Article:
Globe Staff / June 4, 2011


Shaquille O’Neal sat at a stage yesterday in his suburban Orlando, Fla., home in front of the media and a televised audience he had invited as if they were lifelong friends.

“First of all, I want to thank everyone for coming out,’’ he said. “Appreciate you guys very, very much. Never thought this day would come. Father time has finally caught up with Shaquille O’Neal. I just want to say . . . ’’

He cut the sentence short when someone approached to hand him a cellphone. He put it to his ear.

“Who’s this?’’

Phil Jackson? Pat Riley? Who knew, really?

“Yes?’’

It had become a conversation.

“For real.’’

The facial expressions continued.

“You want me to come up and apply for the New York Knick general manager job?’’ he said, finally letting everyone in on the joke. “OK, sure. I’ll be up right after the press conference.

“That was the president of the Knicks. He wanted me to fly up right after the press conference to apply for the general manager job.’’

The 39-year-old O’Neal, who posted on Twitter Wednesday his intention to retire after 19 NBA seasons, clearly is keeping his options open. And with the announcement yesterday that Donnie Walsh will not return as the Knicks’ top basketball executive, O’Neal used the opportunity to have a little fun with the news.

True to form, O’Neal laughed as much as he reflected on the career of one of the most dominant forces the NBA has ever seen.

He thanked his parents and his children. He thanked the league and commissioner David Stern. He chased seriousness with humor.

“I’m going to miss a lot about the game,’’ O’Neal said. “I’m going to miss the competition, the camaraderie, the friendship, the fans, joking around with the media, and I’m really going to miss the free throws.’’

He thanked Jackson, who coached him to three titles with the Lakers, and Celtics coach Doc Rivers.

“Phil Jackson was the one who taught me how to really focus and really, really concentrate on what was going on and how to get to that championship level,’’ O’Neal said. “Playing for Doc Rivers this year was really special because we had a lot of talent on the team, but Doc Rivers always, always, always focused on the team.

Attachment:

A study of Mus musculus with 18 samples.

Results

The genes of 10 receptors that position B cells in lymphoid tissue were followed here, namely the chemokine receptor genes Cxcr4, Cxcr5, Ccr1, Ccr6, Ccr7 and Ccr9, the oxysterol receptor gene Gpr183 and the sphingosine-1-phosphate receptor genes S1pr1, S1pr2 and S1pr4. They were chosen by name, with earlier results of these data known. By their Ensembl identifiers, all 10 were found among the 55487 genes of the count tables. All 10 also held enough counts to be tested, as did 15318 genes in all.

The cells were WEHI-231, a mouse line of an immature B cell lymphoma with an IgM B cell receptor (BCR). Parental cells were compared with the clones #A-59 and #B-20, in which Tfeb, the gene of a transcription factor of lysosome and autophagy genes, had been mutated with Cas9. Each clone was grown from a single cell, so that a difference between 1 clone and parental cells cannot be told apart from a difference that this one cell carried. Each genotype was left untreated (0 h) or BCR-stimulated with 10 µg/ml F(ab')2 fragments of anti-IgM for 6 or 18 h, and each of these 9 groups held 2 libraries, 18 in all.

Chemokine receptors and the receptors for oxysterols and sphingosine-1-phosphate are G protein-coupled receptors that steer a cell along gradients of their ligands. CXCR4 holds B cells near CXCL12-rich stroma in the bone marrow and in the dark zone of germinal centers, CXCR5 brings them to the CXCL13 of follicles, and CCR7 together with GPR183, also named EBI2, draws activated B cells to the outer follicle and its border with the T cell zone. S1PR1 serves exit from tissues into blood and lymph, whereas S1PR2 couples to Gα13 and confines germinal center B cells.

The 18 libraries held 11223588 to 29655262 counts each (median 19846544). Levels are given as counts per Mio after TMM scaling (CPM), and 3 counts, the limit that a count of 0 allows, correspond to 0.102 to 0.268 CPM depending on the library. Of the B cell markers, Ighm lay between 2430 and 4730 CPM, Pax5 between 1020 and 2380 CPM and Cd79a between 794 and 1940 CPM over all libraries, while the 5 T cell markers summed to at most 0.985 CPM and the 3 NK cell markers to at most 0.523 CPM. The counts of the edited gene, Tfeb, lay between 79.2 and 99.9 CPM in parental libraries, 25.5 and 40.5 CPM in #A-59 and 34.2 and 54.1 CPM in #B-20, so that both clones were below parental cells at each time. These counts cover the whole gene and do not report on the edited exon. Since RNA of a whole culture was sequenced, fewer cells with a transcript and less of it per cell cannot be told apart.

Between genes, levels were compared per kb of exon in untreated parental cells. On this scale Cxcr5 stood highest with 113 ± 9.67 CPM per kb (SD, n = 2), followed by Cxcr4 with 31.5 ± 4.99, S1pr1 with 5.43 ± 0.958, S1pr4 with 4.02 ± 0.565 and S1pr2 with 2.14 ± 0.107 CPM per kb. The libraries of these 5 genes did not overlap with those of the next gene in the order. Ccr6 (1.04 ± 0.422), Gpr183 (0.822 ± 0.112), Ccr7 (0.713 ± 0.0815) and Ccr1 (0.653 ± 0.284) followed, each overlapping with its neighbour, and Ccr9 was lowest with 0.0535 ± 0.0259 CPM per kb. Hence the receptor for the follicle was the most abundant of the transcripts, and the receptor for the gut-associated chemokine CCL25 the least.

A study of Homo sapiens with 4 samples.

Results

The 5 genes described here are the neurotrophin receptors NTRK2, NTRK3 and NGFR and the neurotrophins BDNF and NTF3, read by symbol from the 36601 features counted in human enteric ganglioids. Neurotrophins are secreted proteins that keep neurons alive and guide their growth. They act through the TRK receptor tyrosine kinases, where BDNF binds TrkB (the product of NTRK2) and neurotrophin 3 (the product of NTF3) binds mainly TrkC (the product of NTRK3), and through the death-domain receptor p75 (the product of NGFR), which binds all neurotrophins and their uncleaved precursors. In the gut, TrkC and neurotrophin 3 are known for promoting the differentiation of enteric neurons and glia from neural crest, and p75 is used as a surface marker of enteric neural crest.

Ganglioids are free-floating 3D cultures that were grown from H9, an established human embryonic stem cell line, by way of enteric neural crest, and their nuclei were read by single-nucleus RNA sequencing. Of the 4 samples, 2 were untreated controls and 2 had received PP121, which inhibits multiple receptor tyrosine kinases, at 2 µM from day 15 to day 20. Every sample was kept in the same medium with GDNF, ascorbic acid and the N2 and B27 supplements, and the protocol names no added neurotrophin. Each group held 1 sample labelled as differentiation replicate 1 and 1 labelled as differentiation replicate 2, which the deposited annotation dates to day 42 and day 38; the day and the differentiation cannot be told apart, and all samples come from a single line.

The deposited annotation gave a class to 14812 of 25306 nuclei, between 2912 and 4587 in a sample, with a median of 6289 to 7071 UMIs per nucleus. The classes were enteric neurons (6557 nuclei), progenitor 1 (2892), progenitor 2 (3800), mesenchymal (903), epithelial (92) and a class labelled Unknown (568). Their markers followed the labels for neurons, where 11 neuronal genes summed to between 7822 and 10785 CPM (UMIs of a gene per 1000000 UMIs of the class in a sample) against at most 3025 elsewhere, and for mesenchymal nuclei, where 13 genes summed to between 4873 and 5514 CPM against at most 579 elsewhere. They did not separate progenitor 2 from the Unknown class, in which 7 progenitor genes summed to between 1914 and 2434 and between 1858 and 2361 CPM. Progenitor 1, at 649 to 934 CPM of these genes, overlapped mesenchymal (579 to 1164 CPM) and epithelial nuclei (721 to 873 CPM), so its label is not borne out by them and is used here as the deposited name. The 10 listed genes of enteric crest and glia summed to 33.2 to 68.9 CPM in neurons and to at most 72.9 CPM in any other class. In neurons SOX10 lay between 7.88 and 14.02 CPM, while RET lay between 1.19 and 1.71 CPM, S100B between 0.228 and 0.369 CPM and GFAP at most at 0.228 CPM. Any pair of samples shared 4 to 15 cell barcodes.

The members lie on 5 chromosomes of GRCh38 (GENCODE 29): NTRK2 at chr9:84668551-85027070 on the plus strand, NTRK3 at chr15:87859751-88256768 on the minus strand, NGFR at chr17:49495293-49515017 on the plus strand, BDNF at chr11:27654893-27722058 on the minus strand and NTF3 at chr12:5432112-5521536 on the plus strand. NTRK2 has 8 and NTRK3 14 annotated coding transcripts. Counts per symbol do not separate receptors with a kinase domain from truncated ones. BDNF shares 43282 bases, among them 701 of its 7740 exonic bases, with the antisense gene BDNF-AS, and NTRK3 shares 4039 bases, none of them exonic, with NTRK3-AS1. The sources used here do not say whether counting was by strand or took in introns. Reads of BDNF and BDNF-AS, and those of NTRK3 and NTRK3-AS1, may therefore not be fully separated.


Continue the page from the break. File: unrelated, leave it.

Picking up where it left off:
“I can remember one time, I came in, I was like, ‘Doc, I’m 5 for 6, if you want I can go 10 for 12 or 12 for 18,’ and he kind of said, ‘Shaq, it’s not about you, it’s about the team.’ ’’

O’Neal said that since he was retiring, his collection of nicknames would be retiring, too. “The Big Aristotle.’’ “Shaq Fu.’’ “The Big Shamrock.’’ “The Big Cactus.’’ “The Diesel.’’

“And finally, the one and only, original, never to be duplicated or replicated, ‘Superman,’ ’’ he said, not passing that torch to Magic center Dwight Howard. “So from now on, you guys can call me the ‘Big AARP.’ ’’

He did, however, give a nod to Howard.

“There’s only one real dominant big man right now, and that’s Dwight Howard,’’ O’Neal said. “I expect him to win three or four championships. If he doesn’t win three or four championships, I’ll be disappointed.’’

Saying that in Orlando, the city that once had hung its championship hopes on O’Neal, seemed ironic. He then opened it up to questions, and didn’t avoid ones that dealt with the way he left Orlando — signing a $121 million contract to play with the Lakers and “other selfish reasons like movies,’’ he said.

“I wish things would have worked out different,’’ he said. “In business, guys have to handle their business the right way. [The Magic] have a chance, they’re one or two pieces away from getting it done. I’m going to be calling [Magic president] Alex Martins and I’m going to be getting some of those floor seats. For free, of course.’’

As for his well-publicized beef with Kobe Bryant, O’Neal said it was a matter of being “task-driven’’ and not “relationship-driven.’’ That task was to win a title, and he and Bryant won three together.

“A lot of people think we hate each other,’’ O’Neal said. “It was all about the tactics.’’

The year he spent in Boston will be remembered for his off-court ubiquity and the injuries that kept him from playing most of the second half of the season. He played five minutes against Detroit April 3, but limped off the floor. His 12 minutes in two playoff games were inconsequential.

“I tried, I just couldn’t pull it off,’’ he said. “Watched the [Detroit] game when I got home, looked terrible. That’s not the way I wanted to go out.’’

O’Neal said he’s still considering surgery to repair his inflamed Achilles’ tendon. Recovery would take nine months, he said, just one reason he killed any speculation of a possible comeback.

“I definitely won’t be back, and let me tell you the reason why,’’ O’Neal said. “Toward the end of my career, I started to get a little bit selfish. I always heard the two most dominant players were Wilt Chamberlain and Shaquille O’Neal. Wilt’s at 31,000 and I’m at 28,000. If I had like 100 points fewer than him, then I would come back to pass him and that would put me as the most dominant player in the world. But I’m about three years away, so I’ll just have to remain at No. 5.’’

O’Neal’s stepfather, Phillip Harrison, pointed out that he could have cut the gap if he had knocked down more free throws.

“He said, ‘You dummy, if you would have hit those free throws like I taught you, you would have had 30,000 points,’ ’’ O’Neal joked.

Once the reminiscing was done, he told the media to “put the pens down, put the cameras down. We’re going to party for my last timeout.’’

But, he reminded everybody, he’s looking for a job.

“I do plan on entertaining you for the next 19 years,’’ he said. “Whether it’s TNT, ESPN, CNN, whoever wants to hire me. My offices open up on Monday, give me a call.’’

Julian Benbow can be reached at jbenbow@globe.com.